Old 10-27-04, 01:09 PM

I've had a wireless connection running for several months. I've never had a problem with it. Until about three days ago, I'd never get any dropped signal. Now, I can hardly connect. Often, it will be connected, it'll drop signal, and about 2 seconds later reestablish the signal. I've been switching the channels, but it seems to be doing that on quite a few of them. Any ideas?
Old 10-27-04, 01:44 PM

Either way, it could be the use of a 2.4ghz telephone nearby (whether it is your phone or a neighbor's).
Old 10-27-04, 02:03 PM
Old 10-27-04, 02:17 PM
Old 10-27-04, 02:38 PM

Originally posted by Deftones, Esq
I've had a wireless connection running for several months. I've never had a problem with it. Until about three days ago, I'd never get any dropped signal. Now, I can hardly connect. Often, it will be connected, it'll drop signal, and about 2 seconds later reestablish the signal. I've been switching the channels, but it seems to be doing that on quite a few of them. Any ideas?
The "channels" are weird. The signals are spread spectrum and the frequency range used is broader than the channel spacing. Some interference can be tolerated, but you may need to move several channel numbers if another strong signal is present. Because of the breadth of the signal spectrum, you need to move five channels away before the frequencies are totally independent and non-overlapping. (You don't need complete independence and non-overlap, but its a good thing if you can get it.)
Old 10-27-04, 02:48 PM

Originally posted by OldDude
The "channels" are weird. The signals are spread spectrum and the frequency range used is broader than the channel spacing. Some interference can be tolerated, but you may need to move several channel numbers if another strong signal is present. Because of the breadth of the signal spectrum, you need to move five channels away before the frequencies are totally independent and non-overlapping. (You don't need complete independence and non-overlap, but its a good thing if you can get it.)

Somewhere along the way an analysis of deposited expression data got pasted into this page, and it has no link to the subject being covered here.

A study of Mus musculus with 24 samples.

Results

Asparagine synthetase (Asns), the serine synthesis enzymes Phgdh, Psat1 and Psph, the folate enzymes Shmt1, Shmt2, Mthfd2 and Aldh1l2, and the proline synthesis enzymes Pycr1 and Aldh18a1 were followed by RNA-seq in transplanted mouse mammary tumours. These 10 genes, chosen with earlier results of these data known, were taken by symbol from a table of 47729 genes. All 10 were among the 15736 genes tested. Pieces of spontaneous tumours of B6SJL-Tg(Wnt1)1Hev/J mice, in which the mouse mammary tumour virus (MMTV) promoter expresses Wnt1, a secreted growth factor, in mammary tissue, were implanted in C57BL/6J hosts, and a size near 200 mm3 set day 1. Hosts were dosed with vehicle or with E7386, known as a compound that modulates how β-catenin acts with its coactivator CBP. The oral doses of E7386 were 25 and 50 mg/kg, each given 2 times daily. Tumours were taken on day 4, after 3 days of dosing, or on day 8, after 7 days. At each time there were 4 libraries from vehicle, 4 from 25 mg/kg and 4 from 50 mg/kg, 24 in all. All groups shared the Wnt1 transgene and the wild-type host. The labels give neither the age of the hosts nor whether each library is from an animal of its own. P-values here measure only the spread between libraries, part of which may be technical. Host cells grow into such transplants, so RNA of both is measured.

I went three, and it's been working OK so far.

I'm just pissed because last night I was in an online poker tournament. My connection dropped and wouldn't come back. After scrambling to try and fix it, I finally gave in a hooked up a wired connection. Of course I had been blinded down by then.
Old 10-27-04, 02:55 PM
Old 10-27-04, 05:14 PM
Old 10-27-04, 06:22 PM
With 802.11, you generally want to stick to channels 1, 6, or 11. Those don't overlap at all. Moving 1 or 2 channels is a bit useless.
See, that's the bizarre thing. I was on channel 6. It had been working fantastic until about a four days ago. I switched to three today, and it's working adequate so fare.
Old 10-27-04, 06:27 PM

If SSID is surpressed, I don't know if your wireless card even shows you there is a competing signal there. When I set mine up, I didn't see any signal but my own. Of course, I turned off SSID as soon as I was set up.
Old 10-27-04, 06:41 PM
Old 10-28-04, 10:18 AM
See, that's the bizarre thing. I was on channel 6. It had been working fantastic until about a four days ago. I switched to three today, and it's working adequate so fare.
What it breaks down to is that the 802.11 signal is roughly 22Mhz wide. Each channel is 5 Mhz wide. So it looks like this:

Code:
Channels
  1    2    3    4    5    6    7    8    9   10    11
----|----|----|----|----|----|----|----|----|----|----|

                |---------------------|
802.11 signal (centered on 6)
So if you move it to channel 3, you aren't on channels 7 and 8 much anymore, but you're still overlapping with somebody wanting to use channel 6, sort of thing.

For maximum compatibility with other wireless in the area, sticking to 1, 6, and 11 is recommended. Because if you're on channel 3, then you're overlapping space also used by channels 1 and 6 and thus messing both of those up for other people. If you were on 1, then they could use 6 or 11, neither of which is overlapping. As it stands, with you on 3, they have to use 8 or above, which only gives them one non-overlapping space.

Using something other than 1, 6, or 11 is essentially rude.

Last edited by Otto; 10-28-04 at 10:21 AM.